What does it take to inspire
Kids love to play, and the idea of playing to learn is a sure-fire way to get their attention for achieving truly inspired learning. Add creativity and critical thinking and you’d be surprised what your students can come up with. This is the experience of GEMS Dubai American Academy’s Jaimie Powers. Jaimie is a Physical Education teacher and PS Specialist at DAA.
Together with her teaching partner, she presented her students with a unique challenge based in the Essential Fluencies that would encourage her learners to imagine and play like never before.
“Imagine you walk outside to the playground and all of the equipment and toys are all gone,” she told her students in her scenario. “ Your goal is to create a game that you can play only using four pieces of equipment.” And that’s where all the fun started.
How do we plot a
path to success?
Jaimie and her partner gave their kids 4 pieces of starting equipment: dodgeballs, hula hoops, skipping ropes, and cones. The guidelines were simple—their games had to be completely original, have a clear set of rules, and had to be playable by at least 4 people. In addition, they could use all the items or a few, but the rest was up to them.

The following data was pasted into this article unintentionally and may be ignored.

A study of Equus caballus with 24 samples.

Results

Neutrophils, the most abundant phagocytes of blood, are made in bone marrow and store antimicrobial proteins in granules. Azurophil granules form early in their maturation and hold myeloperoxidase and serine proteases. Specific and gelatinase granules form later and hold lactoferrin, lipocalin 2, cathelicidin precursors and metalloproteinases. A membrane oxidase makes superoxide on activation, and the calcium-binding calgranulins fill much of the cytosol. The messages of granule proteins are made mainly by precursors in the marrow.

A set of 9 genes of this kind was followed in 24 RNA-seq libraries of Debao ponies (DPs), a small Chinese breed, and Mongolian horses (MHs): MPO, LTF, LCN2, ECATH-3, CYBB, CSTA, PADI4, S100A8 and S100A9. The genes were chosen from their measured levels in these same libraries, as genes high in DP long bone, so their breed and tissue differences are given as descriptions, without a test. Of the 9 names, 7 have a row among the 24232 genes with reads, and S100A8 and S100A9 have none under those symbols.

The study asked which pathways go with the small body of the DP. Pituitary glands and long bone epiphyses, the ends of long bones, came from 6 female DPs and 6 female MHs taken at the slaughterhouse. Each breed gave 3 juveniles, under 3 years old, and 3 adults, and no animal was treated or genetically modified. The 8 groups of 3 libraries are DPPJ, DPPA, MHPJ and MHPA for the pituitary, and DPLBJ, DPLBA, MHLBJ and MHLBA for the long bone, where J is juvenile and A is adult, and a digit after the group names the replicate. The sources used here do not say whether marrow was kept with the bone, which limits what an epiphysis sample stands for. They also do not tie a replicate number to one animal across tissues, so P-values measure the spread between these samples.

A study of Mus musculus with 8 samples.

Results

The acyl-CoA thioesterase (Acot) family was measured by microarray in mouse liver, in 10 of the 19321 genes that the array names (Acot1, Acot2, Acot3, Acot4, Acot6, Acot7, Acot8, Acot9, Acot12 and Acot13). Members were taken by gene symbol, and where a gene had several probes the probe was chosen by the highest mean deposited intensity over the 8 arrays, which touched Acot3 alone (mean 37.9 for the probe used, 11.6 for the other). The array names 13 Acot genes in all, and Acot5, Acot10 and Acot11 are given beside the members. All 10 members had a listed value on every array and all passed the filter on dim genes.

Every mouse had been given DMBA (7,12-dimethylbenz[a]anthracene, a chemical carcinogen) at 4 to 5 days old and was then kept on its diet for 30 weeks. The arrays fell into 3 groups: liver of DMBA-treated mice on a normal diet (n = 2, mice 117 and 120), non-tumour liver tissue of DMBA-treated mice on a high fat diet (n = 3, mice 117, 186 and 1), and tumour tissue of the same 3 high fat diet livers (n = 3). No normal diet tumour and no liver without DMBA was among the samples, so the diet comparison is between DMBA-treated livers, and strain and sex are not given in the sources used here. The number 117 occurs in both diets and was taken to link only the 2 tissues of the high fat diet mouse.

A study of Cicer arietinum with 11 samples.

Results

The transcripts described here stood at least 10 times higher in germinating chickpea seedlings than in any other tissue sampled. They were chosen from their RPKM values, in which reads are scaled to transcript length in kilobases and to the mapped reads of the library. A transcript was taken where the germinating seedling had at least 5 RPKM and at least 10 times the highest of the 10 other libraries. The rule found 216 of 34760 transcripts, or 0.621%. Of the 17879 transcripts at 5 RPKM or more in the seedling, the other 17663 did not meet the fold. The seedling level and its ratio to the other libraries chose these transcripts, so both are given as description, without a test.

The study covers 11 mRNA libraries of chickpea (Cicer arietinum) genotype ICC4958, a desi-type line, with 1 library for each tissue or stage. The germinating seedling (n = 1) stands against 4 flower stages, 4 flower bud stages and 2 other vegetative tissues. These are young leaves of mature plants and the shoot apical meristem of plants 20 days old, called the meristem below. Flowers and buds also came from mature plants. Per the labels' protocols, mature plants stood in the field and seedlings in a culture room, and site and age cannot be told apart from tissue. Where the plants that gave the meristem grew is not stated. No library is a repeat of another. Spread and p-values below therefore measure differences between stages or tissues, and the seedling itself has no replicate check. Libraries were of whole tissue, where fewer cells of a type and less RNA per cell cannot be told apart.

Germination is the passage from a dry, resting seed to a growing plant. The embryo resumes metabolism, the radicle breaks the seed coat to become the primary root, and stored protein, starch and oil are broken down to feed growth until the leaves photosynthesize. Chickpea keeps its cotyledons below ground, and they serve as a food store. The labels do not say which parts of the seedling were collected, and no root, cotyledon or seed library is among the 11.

At first Jaimie found implementing the Fluencies a bit of a challenge, but their intuitive growth-focused processes were the perfect fit for the learners on this engaging project.
“Due to the fact that we only had one idea between the two of us, we decided to give it a try and see where it took us,” Jaimie recalls. “As we developed the idea we made it into a two-week lesson, and as time went on we added more elements to the project.”
As for the achievements of the students themselves, Jaimie couldn’t have been more pleased. “Students are truly collaborating and sharing ideas as well as exploring different options that we would never have thought about in any PE class we taught previously.”
How do we measure
growth and progress?
How do we continue to
improve and excel?
The takeaways for Jaimie and her learners are about as positive as you can imagine. “The students now have a lot more control over our PE lessons, and I truly feel like it is no longer me giving out different games and skills for them to master,” observes Jaimie. “They are mastering the skills that they need to be mastering through the games they are creating.”
Students will be using iPads to record game demos, and creating a poster for their next lesson presentations. After that, it will be time to let KG1 and KG2 students test out the games for themselves. Jaimie feels that having the students control the class gives them a sense of purpose and value, and a feeling that they are important participants in the gym community.
What are the next steps for Jaimie and her learners at DAA? “The next steps are to continue with the Fluencies and slowly start adding them into all grade levels,” she claims. “We will be working with grades 1 and 2 next and by the end of the year we will be including KG1 and KG2 students in this process as well.”